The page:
The Runeberg family is an ordinary middle class family, with a house in a suburb, a car and three children. By vacationing in a rented house by the sea, the hope is that the tension and ... See full summary »
Lincoln, who's not yet 18, leads a straight life most of the time: he has a girl friend, goes to dances, jokes with guys. But he also has a secret life, in which he's drawn to dark places ... See full summary »
The tempestuous love story between Fernando, an older man who has recently returned to his crime-ridden drug capitol hometown of Medellin, Colombia and the gun-happy 16-year-old assassin ... See full summary »
Juan David Restrepo
In Paris around 1900, Georges Randal is brought up by his wealthy uncle, who steals his inheritance. Georges hopes to marry his cousin Charlotte, but his uncle arranges for her to marry a ... See full summary »
They go from town to town, a big top on their backs, their show over their shoulder. They bring dreams and disorder to our lives. They are ogres, giants. They've devoured the theater and ... See full summary »
Having been away for four months, Hildy Johnson walks into the offices of the New York City based The Morning Post, where she is a star reporter, to tell her boss, editor Walter Burns, that she is quitting. The reason for her absence was among other things to get a Reno divorce, from, of all people, Walter, who admits he was a bad husband. Hildy divorced Walter largely because she wanted more of a home life, whereas Walter saw her more as a driven hard-boiled reporter than subservient homemaker. Hildy has also come to tell Walter that she is taking the afternoon train to Albany, where she will be getting married tomorrow to staid straight-laced insurance agent, Bruce Baldwin, with whose mother they will live, at least for the first year. Walter doesn't want to lose Hildy, either as a reporter or a wife, and if he does, doesn't believe Bruce is worthy of her. Walter does whatever he can at least to delay Hildy and Bruce's trip, long enough to persuade Hildy to stay for good. His plan ...Written by
Rosalind Russell thought, while shooting, that she didn't have as many good lines as Cary Grant had, so she hired an advertisement writer through her brother-in-law and had him write more clever lines for the dialog. Since Howard Hawks allowed for spontaneity and ad-libbing, he, and many of the cast and crew didn't notice it, but Grant knew she was up to something, leading him to greet her every morning: "What have you got today?" See more »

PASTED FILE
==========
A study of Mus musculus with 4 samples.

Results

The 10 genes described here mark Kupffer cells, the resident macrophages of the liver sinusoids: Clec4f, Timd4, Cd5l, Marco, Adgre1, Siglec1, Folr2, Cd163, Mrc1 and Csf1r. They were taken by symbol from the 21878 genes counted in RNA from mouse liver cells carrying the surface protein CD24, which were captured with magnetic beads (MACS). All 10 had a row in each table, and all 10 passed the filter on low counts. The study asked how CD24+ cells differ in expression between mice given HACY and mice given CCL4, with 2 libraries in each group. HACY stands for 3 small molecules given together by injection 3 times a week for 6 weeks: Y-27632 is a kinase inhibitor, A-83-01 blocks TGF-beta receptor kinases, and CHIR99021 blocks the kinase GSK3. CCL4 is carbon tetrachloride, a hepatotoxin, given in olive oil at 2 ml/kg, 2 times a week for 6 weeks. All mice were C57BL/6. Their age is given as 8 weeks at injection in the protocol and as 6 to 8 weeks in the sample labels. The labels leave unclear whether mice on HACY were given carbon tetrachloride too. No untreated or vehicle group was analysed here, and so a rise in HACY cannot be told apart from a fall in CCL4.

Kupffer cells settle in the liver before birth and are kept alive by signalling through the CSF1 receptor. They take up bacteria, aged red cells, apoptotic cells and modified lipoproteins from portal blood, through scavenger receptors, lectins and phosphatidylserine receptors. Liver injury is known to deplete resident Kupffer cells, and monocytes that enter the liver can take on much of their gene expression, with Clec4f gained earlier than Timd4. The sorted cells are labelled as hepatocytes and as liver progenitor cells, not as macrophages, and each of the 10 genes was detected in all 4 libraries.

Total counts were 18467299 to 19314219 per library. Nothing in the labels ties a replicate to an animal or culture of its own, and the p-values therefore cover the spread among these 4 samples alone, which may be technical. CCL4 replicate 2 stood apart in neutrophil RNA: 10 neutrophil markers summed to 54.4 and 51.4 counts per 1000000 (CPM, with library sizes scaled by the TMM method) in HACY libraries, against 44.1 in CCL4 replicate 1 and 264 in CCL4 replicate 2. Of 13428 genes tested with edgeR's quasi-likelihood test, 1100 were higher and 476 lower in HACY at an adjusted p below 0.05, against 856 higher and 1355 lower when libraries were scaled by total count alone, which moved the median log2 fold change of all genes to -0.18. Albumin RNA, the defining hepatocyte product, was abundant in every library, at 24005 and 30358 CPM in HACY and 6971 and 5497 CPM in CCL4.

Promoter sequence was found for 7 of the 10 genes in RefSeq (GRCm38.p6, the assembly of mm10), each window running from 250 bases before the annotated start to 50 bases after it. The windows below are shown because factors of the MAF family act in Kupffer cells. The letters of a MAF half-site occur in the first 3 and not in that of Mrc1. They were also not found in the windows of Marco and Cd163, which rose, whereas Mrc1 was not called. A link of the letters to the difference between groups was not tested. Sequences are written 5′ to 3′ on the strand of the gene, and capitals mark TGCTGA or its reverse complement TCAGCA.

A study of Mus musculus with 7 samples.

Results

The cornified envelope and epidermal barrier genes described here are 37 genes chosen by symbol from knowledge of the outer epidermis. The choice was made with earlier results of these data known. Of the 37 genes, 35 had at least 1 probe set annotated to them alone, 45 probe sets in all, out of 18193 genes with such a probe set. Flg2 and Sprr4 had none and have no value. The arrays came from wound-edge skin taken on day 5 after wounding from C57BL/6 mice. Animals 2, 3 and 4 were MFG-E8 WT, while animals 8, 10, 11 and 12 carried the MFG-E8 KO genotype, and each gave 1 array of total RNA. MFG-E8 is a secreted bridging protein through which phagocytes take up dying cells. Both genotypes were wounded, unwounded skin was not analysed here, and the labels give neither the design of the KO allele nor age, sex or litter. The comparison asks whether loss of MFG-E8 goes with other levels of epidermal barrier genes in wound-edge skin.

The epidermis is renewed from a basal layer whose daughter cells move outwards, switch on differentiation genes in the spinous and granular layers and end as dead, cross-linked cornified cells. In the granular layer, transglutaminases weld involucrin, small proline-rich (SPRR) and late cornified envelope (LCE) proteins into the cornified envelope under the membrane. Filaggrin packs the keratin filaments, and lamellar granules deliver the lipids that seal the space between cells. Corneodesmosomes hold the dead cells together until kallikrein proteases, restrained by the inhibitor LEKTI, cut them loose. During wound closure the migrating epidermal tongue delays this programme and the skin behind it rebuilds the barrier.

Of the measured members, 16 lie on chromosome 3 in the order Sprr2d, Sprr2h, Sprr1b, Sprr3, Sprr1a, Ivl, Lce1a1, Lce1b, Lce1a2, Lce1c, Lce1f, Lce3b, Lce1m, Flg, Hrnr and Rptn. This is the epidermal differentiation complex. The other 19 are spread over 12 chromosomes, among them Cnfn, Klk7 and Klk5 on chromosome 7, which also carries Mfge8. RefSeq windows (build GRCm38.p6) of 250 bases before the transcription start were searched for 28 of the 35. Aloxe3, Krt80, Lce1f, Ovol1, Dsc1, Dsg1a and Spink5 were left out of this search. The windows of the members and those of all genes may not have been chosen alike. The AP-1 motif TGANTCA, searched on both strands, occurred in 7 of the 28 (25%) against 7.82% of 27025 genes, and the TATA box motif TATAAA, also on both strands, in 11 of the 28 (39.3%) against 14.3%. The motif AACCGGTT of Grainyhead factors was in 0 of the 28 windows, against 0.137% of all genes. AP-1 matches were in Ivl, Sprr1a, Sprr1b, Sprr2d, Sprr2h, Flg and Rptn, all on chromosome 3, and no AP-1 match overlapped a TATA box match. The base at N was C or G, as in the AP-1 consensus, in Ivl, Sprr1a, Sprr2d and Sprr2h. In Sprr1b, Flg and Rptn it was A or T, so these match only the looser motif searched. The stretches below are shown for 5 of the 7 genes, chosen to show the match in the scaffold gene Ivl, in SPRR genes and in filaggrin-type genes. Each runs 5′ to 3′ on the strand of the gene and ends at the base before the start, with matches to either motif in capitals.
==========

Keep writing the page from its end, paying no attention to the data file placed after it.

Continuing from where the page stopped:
When Hildy lights her cigarette in the restaurant, she takes it out of her mouth and waves out the match. There is a an instant cut to over her shoulder and the cigarette is in her mouth again. See more »
[speaking into a phone]
Here's the situation on the eve on the hanging.
[listening, picks up his phone]
This is Murphy. More slop on the hanging.
A double guard has been thrown around the jail, municipal buildings, railroad terminals and elevated stations to prepare for the expected uprising of radicals at the hour of execution.
Ready? The sheriff has just put 200 more relatives on the payroll to protect the city from the Red Army, which is leaving Moscow in a couple of minutes.
Trouble is, when ...
Every good thing you've heard about this movie is true. It may very well be the fastest paced movie I've ever seen. Jerry Bruckheimer's most hyperbolic action movie ain't got nothing' on this one.
Cary Grant and Rosalind Russell were a brilliant screen pair (indeed, it seems that no one was bad casting when paired with Cary Grant) as rival reporters in a furiously paced news office. Russell is the odd man, or should I say odd girl, out, due to her lack of a penis, but she proves herself more than capable of holding her own with the boys.
Russell charges across the screen and never loses momentum for a second. She's goofy, sexy and hysterical. The funniest moment in the film comes when she's chasing a man down the street (I won't go into details) and dive tackles him to the ground.
One of the first films from the 40s and a highlight of the decade.